What's the diagnosis?

basal cell carcinoma

dental sinus secondary to osteonecrosis of the jaw


pyogenic granuloma

squamous cell carcinoma

The Diagnosis: Dental Sinus Secondary to Osteonecrosis of the Jaw

Cone beam computed tomography revealed an area of lucency measuring 40×20 mm in the body of the right mandible (Figure). The patient subsequently underwent curettage of the wound with sequestrectomy of the involved area.

Cone beam computed tomography revealed an area of lucency measuring 40×20 mm in the body of the right mandible.

Osteonecrosis of the jaw is a form of avascular necrosis. It is an uncommon but potentially serious side effect of bisphosphonate use.1 Bisphosphonates commonly are used as first-line therapy for osteoporosis, with proven efficacy to reduce fracture risk by exerting an antiresorptive effect on bones.2 Bisphosphonate-related osteonecrosis of the jaw (BRONJ) is defined by the American Association of Oral and Maxillofacial Surgeons as the presence of exposed necrotic bone in the maxillofacial region that has persisted for more than 8 weeks, with current or prior treatment with a bisphosphonate and absence of prior radiation therapy to the jaw.3 Bisphosphonate-related osteonecrosis of the jaw can be associated with infections, pathologic fractures, extraoral fistulae, or osteolysis extending to the inferior border.

Our patient had a dental sinus that resulted from the underlying BRONJ. The jawbones, unlike the long bones, are in a special environment in that both acute and chronic infections occur often within the bone, and surgical procedures as well as masticatory trauma expose the bone to a bacteria-laden environment.4 Infection around the root apex of a tooth results in a dental abscess and a sinus tract can develop from the abscess, draining either intraorally or extraorally.5 Facial sinus tracts can be either odontogenic or nonodontogenic, and sometimes the lesions of dental origin may be confused with dermatological lesions.

Bisphosphonates inhibit osteoclasts, which are responsible for bone resorption. Antiangiogenetic effects also have been reported in bisphosphonates, resulting in devitalized bone.6 The potent and prolonged inhibition of bone remodeling likely plays an important role in BRONJ. The more frequently occurring microdamage inflicted on the lower jawbone with mastication also may represent a contributory factor.7

Bisphosphonate-related osteonecrosis of the jaw more often is associated with the use of high-dose intravenous (IV) bisphosphonate in cancer-related hypercalcemia and less so with oral bisphosphonates, which are generally used to treat osteoporosis.3 In a Swedish study conducted from 2003 to 2010, 55 cases of BRONJ were documented in a population of 1.2 million individuals. The prevalence of BRONJ in patients on oral bisphosphonates and IV bisphosphonates was estimated to be 0.024% and 2.8%, respectively.8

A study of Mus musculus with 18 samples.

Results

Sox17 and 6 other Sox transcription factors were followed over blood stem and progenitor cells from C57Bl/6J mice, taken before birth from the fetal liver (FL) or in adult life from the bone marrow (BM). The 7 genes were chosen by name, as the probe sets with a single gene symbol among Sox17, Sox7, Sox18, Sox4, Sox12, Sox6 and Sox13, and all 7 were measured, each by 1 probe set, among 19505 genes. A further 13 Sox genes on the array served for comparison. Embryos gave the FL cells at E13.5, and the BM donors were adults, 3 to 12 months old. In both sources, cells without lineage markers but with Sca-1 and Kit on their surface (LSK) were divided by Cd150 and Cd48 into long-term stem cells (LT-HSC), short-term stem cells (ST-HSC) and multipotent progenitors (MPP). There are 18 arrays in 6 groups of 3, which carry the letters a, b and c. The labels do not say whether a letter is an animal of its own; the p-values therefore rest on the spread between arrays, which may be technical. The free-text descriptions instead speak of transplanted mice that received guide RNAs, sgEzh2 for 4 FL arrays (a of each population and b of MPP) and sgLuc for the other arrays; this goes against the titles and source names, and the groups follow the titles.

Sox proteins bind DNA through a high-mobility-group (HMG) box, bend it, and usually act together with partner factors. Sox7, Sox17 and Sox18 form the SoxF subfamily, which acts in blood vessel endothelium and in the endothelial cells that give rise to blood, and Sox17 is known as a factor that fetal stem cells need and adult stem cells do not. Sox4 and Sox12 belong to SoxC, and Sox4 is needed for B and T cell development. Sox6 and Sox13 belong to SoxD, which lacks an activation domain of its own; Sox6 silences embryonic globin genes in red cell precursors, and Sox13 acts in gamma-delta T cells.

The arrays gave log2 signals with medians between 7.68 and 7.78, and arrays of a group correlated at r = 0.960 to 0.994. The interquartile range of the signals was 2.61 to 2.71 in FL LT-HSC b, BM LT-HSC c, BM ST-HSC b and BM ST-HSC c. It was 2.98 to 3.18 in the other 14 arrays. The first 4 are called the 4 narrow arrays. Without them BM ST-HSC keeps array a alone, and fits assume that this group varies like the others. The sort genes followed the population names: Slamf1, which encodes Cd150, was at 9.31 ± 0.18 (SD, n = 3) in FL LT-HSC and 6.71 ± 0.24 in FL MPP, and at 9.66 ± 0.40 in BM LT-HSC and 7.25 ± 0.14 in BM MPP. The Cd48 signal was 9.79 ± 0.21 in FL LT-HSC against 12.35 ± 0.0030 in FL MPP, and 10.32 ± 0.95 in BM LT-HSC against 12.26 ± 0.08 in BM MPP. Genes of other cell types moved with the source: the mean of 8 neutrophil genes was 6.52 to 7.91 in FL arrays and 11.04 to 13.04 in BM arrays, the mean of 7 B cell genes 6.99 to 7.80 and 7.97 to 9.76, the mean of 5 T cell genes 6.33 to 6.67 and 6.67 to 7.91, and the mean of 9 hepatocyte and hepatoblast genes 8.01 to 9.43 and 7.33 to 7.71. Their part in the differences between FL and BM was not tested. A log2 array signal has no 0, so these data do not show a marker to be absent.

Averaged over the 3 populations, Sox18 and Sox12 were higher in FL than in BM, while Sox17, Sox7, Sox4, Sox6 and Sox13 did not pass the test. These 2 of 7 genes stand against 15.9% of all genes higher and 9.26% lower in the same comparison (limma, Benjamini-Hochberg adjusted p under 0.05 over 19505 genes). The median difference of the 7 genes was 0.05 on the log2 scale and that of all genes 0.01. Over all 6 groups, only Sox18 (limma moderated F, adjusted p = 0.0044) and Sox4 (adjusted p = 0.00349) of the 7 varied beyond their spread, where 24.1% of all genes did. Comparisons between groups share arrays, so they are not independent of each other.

Bisphosphonates are widely used worldwide as the main treatment of osteoporosis. The association between osteonecrosis of the jaw and oral bisphosphonates is contentious among the osteoporosis population, as most studies focus on IV bisphosphonate use in cancer patients.9 Bisphosphonate-related osteonecrosis of the jaw adversely affects the patient's quality of life, producing notable morbidity in afflicted patients. Thus, a complete dental assessment and treatment is recommended before the initiation of bisphosphonate treatment. The risk for developing BRONJ associated with oral bisphosphonates increases when the duration of therapy exceeds 3 years.3 It has been reported that antifracture efficacy would persist for 1 to 2 years following discontinuation of alendronate or risedronate that had been taken for 3 to 5 years, but patients with low bone mineral density at the femoral neck (T-score below -2.5) after 3 to 5 years of treatment of bisphosphonates are at the highest risk for vertebral fractures and therefore appear to benefit most from continuation of therapy.10 For dental procedures, the American Association of Oral and Maxillofacial Surgeons suggests that if systemic conditions persist, the clinician might consider discontinuation of oral bisphosphonates for a 3-month period before and after elective invasive dental surgery to lower the risk for BRONJ.3 When possible, invasive dentoalveolar procedures such as extractions should be avoided; conservative endodontic treatment is preferable.

Bisphosphonate-related osteonecrosis of the jaw is a devastating condition that is difficult to treat and manage, thus the focus should be on prevention through dental clearance prior to starting bisphosphonates. It also is crucial to have a high index of suspicion for BRONJ in patients presenting with orofacial lesions so that they can be treated expediently.